In the past I used a few treatments to have things look a little preworn. The best was a hand rubbed oil finish that just seeped into all the crevices of the textures and made everything look a bit old. Because it was hand applied it was nice and random. Starting with an off white color for the rubber also helps.
This is totally possible and I recall seeing it a lot back around 2007 when distressed shoes were pretty popular. As Michael mentioned, usually it’s a hand finishing process. Similar to how dress shoes are “burnished” with paint wiped on and off. Sometimes the shoe is also scuffed on a buffing wheel or with a grinding disc like a dremel.
You had it right the first time, vulcanized. Also sometimes called autoclaved. This is the way the Chuck Taylor is made. Uncured die cut and extruded rubber bits are hand placed onto the lasted upper and compression molded outsole, and then put in an autoclave to cure.
It is a really old process (obviously since the Chuck Taylor has been using it for almost 100 years). Sometimes products that look vulcanized are actually “cold cemented”. That is cured rubber strips that are then cemented on. Or sometimes they are just really detailed “cup soles”… single piece rubber parts where the molds have different plates and dams to load colors (lots of skate shoes, and 1980’s basketball shoes, use this method. It is very very durable, but heavier and not as flexible).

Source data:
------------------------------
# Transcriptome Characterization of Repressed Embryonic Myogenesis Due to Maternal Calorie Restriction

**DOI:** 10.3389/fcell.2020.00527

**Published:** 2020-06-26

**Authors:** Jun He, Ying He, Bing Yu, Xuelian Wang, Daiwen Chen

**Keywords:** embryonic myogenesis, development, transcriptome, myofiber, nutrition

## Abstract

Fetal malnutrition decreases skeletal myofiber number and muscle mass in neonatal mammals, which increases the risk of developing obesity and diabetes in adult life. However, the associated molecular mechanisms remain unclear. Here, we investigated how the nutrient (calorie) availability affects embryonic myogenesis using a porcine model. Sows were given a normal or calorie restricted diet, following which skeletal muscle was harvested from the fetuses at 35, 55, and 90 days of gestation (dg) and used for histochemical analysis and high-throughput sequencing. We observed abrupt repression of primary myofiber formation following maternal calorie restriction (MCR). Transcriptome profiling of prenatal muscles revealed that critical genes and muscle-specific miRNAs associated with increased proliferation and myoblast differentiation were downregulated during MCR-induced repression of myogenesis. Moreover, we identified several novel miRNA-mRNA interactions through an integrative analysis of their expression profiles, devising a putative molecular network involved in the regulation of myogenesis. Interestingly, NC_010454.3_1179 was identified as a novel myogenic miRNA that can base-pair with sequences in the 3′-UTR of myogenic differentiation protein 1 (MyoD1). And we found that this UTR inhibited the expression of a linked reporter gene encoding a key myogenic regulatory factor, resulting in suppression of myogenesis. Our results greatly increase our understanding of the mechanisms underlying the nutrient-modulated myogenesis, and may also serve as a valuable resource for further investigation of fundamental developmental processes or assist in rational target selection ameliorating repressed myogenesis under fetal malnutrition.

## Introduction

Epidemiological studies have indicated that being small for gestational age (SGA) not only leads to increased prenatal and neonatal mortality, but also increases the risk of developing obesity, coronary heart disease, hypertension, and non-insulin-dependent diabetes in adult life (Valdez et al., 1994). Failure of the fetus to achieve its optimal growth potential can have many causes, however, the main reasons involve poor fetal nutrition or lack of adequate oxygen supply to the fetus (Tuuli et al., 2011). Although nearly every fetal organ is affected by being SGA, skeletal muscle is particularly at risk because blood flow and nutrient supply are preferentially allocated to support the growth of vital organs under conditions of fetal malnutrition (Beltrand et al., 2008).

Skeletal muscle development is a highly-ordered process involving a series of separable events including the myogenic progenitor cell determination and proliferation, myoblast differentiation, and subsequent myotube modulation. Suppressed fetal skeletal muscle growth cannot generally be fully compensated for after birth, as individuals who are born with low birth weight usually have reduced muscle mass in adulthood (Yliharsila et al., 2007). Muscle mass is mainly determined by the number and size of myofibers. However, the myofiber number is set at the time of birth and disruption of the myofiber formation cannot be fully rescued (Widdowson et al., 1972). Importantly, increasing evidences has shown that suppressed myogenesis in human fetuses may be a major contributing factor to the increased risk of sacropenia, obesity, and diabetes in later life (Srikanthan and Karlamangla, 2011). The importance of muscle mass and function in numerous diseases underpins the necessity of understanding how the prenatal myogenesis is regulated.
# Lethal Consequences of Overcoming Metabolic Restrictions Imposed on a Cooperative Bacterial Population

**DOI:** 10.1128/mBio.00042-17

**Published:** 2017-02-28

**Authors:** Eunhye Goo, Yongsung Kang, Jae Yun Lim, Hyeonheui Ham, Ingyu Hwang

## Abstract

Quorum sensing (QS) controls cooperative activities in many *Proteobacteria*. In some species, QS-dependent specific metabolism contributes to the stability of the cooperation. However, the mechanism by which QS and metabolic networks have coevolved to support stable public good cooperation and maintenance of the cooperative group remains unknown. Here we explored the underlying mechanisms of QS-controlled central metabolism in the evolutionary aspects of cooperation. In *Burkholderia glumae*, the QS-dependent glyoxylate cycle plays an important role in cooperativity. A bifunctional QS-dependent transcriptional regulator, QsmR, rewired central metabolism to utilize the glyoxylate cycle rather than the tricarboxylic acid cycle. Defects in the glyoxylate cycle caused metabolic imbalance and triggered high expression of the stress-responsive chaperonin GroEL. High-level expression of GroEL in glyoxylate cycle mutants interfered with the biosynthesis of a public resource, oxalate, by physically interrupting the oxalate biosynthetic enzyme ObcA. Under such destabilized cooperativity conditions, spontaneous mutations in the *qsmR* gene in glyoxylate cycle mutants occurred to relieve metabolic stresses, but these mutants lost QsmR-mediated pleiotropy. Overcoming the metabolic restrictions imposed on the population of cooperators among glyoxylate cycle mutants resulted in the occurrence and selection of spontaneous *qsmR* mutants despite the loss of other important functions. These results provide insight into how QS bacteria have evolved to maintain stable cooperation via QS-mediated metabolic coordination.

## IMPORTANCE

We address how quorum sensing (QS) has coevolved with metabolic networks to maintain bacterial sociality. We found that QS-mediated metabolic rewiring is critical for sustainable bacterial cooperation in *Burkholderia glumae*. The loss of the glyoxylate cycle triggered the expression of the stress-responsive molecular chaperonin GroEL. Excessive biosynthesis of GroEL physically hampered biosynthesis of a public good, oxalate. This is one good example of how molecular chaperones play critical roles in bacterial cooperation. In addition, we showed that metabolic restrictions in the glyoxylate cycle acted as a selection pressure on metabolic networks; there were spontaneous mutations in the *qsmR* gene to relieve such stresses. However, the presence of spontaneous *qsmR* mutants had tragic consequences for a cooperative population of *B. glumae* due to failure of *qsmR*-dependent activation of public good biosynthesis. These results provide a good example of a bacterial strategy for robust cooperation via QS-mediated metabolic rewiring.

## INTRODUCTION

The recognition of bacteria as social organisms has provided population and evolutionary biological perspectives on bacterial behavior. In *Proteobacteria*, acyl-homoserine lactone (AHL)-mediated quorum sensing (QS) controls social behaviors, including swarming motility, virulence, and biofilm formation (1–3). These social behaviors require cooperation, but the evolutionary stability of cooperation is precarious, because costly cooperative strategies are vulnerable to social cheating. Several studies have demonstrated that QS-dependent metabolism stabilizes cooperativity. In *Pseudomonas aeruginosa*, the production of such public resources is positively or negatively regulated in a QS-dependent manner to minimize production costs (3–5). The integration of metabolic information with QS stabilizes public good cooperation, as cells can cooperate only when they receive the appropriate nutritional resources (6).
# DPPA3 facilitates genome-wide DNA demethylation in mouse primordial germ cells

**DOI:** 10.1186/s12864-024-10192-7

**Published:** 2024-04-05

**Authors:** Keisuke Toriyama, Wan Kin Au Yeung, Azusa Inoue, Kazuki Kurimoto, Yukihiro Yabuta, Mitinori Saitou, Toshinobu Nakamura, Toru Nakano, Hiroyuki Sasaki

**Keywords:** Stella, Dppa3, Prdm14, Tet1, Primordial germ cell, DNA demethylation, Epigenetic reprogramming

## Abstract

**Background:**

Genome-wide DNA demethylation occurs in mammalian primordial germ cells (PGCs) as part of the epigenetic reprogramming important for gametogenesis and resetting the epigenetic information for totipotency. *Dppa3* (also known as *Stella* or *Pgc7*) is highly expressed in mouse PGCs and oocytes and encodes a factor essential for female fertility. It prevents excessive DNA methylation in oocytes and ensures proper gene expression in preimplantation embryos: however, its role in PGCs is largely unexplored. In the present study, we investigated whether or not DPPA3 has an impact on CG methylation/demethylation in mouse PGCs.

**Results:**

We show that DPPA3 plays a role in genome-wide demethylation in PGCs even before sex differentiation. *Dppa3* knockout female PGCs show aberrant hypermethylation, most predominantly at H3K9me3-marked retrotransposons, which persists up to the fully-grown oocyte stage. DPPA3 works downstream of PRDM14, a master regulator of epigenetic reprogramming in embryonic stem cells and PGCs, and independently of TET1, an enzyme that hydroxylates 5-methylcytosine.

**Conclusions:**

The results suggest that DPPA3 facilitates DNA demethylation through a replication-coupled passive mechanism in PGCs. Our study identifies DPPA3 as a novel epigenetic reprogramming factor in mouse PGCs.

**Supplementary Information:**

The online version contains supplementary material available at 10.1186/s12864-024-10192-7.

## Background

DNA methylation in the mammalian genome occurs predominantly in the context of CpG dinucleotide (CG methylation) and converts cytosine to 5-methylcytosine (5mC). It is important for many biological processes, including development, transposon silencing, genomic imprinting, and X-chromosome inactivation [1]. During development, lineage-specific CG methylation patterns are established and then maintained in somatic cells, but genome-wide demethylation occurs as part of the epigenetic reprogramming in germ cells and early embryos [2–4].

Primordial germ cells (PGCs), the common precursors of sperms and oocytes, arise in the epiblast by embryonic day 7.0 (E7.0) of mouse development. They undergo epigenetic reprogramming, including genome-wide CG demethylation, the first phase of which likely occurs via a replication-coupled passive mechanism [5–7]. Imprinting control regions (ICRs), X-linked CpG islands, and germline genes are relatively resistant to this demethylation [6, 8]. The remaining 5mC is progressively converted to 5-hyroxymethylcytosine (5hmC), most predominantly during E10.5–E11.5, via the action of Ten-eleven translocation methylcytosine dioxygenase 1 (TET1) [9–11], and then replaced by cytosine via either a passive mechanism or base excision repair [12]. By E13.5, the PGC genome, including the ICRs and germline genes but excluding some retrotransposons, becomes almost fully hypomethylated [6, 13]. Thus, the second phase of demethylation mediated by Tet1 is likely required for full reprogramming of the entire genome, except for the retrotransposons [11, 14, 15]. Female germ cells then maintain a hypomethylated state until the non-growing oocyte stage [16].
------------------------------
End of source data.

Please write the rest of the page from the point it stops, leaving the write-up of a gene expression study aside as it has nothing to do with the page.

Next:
One of the telltale signs to spot the “vulc” construction is that the vulcanization and autoclave process uses a lot of heat and pressure so everything shrinks just a little. It also creates a chemical bond, so the adhesion is really good! You always get that little bit of delamination in the mid foot but otherwise the rubber is super durable.
The best part is seeing it done in person. Every strip of rubber is hand laid, and since it is uncured, if the person presses too hard it will have finger indents. It is amazing to see how precise they are when they build shoes like this. Fun fact I learned when I started working at Converse, Chucks used to be made in Massachusetts, and later in Kentucky. There was a certain amount of “variation” associated with the US assembly. When everything was moved to China they were made a little too cleanly. They didn’t quite feel like Chuck Taylors. So the team bought old Kentucky production examples on eBay, highlighted the most desired “variations” and those little mistakes are duplicated on every pair. You can see it where the rubber strips overlap a little funny. That is all intentional.